Hundreds of miles away from the surface of the Earth, practically stranded in the middle of nowhere, astronauts are meant to be as scared as Courage the Cowardly Dog, but they spend time on the International Space Station for months in a row, and their fears certainly do not involve ghosts. The list of disasters that can potentially happen onboard is rather long, and many of them have already happened.
A place where even a sandwich is enough to get everyone killed, many have died and so many others have been rescued right at the edge of death. One of these was Luca Parmitano, who was out on a spacewalk from the ISS back in 2013. A leak in the cooling system of his spacesuit began to fill his helmet in the weightlessness of the orbit. Without gravity, the water was sticking to any surface it touched that meant blinding, deafening, and suffocating Luca, while he drowned inside his helmet.
Luca had to get back inside the station with high hopes of getting rescued by his crew members. Another crew member, Karen Nyberg received the call for help and floated back to the station to help. Criss Cassidy, who was working on another task outside the station, joined the two in the chamber. As soon as they got in, Nyberg began to pressurize the airlock, but that took so long that Parmitano fell completely silent in the meanwhile. Looking at the pressure valve, she decided to crank it up to the highest level to remove the helmet as quickly as possible. Doing which could have burst both Luca and Cassidy’s eardrums.
The pressure rose slowly, Cassidy squeezed Parmitano’s hand and received an OK signal. By then, Luca had begun to breathe and talk, but no sound came out, as the communication link had been damaged by the water. When the pressure finally equalized, Nyberg rushed to remove astronaut’s helmet to wipe off the water from his face.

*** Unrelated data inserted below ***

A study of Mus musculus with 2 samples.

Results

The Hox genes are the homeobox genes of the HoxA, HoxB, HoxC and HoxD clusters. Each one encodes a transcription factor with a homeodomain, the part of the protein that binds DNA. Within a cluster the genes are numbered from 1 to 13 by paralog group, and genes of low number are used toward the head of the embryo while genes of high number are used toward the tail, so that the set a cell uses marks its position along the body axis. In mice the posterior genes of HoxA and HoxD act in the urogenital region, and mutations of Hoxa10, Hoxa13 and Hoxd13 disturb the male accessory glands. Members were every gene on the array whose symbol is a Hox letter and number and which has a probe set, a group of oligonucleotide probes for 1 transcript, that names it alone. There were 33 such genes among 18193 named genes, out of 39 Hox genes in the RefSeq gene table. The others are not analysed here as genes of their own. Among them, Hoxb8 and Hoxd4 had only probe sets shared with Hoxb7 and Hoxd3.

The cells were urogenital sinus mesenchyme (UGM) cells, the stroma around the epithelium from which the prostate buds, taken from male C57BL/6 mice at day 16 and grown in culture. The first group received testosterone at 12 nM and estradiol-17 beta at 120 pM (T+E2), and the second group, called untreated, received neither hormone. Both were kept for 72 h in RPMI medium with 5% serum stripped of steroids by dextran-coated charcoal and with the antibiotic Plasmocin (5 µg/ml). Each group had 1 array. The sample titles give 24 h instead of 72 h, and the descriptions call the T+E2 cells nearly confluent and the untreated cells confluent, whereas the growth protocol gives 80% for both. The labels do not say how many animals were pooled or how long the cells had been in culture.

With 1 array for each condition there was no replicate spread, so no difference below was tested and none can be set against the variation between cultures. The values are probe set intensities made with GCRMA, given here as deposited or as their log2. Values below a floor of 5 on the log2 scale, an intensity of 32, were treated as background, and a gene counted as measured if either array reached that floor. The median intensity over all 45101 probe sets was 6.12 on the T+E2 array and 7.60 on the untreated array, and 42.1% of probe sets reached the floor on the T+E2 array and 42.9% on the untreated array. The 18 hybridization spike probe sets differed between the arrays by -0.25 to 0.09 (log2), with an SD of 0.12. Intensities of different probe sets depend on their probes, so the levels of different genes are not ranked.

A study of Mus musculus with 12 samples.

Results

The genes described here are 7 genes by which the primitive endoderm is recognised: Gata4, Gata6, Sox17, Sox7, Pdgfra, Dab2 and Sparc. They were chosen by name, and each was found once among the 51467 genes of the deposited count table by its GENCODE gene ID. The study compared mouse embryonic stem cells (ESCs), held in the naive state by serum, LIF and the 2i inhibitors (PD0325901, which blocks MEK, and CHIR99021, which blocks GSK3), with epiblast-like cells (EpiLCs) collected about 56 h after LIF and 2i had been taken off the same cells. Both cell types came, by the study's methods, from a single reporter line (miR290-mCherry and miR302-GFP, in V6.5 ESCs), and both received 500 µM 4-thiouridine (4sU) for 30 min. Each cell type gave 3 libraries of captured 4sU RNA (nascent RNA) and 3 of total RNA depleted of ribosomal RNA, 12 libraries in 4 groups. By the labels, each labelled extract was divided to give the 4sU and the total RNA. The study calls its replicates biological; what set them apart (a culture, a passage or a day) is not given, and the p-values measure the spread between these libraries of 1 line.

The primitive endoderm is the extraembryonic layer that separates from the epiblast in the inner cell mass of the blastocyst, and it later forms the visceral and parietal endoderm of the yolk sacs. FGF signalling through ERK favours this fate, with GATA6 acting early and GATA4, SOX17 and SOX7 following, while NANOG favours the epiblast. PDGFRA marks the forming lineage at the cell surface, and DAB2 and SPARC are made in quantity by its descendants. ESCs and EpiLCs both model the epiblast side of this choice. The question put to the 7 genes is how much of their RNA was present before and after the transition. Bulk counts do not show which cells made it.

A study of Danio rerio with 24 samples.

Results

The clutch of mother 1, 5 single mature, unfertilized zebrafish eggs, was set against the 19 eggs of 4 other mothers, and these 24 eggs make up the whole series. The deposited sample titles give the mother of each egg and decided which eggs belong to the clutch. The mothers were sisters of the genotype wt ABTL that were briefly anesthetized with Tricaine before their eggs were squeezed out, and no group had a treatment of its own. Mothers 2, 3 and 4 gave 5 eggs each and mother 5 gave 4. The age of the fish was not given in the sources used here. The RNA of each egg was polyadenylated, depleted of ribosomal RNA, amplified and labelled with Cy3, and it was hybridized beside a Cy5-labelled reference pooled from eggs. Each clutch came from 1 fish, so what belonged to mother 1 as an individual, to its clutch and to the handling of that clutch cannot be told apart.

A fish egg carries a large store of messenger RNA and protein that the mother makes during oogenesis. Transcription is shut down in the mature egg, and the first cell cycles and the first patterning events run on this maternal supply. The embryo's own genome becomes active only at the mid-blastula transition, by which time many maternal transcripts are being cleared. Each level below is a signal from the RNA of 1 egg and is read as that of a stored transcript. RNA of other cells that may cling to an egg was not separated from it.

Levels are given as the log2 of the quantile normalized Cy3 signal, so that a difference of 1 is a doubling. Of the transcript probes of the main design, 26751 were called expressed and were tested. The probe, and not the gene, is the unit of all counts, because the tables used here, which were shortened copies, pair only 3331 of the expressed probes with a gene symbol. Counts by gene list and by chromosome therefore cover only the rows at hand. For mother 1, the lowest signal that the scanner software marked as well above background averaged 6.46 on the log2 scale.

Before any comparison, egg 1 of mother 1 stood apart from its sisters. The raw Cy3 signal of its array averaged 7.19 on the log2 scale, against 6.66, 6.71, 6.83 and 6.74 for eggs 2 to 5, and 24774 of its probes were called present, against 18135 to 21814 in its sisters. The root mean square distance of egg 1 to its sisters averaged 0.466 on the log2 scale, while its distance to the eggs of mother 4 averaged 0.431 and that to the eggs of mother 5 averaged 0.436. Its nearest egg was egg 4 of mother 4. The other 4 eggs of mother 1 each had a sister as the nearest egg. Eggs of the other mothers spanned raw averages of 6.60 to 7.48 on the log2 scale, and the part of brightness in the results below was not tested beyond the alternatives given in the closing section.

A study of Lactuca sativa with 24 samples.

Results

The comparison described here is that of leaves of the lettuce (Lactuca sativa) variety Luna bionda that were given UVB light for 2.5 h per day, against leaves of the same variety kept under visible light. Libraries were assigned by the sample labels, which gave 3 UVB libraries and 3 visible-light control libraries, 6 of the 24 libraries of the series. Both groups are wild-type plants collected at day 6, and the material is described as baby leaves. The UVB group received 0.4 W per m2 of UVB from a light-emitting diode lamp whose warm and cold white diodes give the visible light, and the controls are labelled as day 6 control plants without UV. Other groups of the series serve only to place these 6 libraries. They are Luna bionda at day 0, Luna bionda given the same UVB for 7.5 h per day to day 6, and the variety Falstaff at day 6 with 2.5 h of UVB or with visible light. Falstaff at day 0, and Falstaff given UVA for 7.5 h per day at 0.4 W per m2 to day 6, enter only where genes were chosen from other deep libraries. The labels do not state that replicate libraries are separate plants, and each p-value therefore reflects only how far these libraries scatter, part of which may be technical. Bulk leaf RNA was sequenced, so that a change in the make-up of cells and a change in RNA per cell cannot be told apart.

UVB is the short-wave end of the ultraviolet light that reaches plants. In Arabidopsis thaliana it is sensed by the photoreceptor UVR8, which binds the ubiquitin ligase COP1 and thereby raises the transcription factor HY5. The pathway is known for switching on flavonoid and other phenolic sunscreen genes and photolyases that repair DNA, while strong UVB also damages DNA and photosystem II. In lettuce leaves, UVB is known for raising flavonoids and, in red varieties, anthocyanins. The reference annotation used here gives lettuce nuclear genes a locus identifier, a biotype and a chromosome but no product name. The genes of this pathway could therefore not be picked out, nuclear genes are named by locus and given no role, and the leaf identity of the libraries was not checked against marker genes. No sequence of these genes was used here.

Even the strongest and the best-trained people can crash under pressure like this, but Nyberg maintained her cool. She said that she was worried, but her training worked and she followed the standard procedure instead of panicking into an extreme measure.
Nyberg had gone through training for airlock operations, spending many hours in the mock-up ISS at Johnson Space Center. A lot of this training involved the daily tasks of a routine day; exercising, performing experiments, reporting back to the ground, and the fixing the space toilet that is known for frequent break downs.
Dying is not the only fear up in the space. The boredom and loneliness up there are enough to have a deep psychological impact on your mind, and Nyberg is one of the many astronauts who sacrificed their family life to spend months at a time in space, getting to see only a video footage of the family once in a while.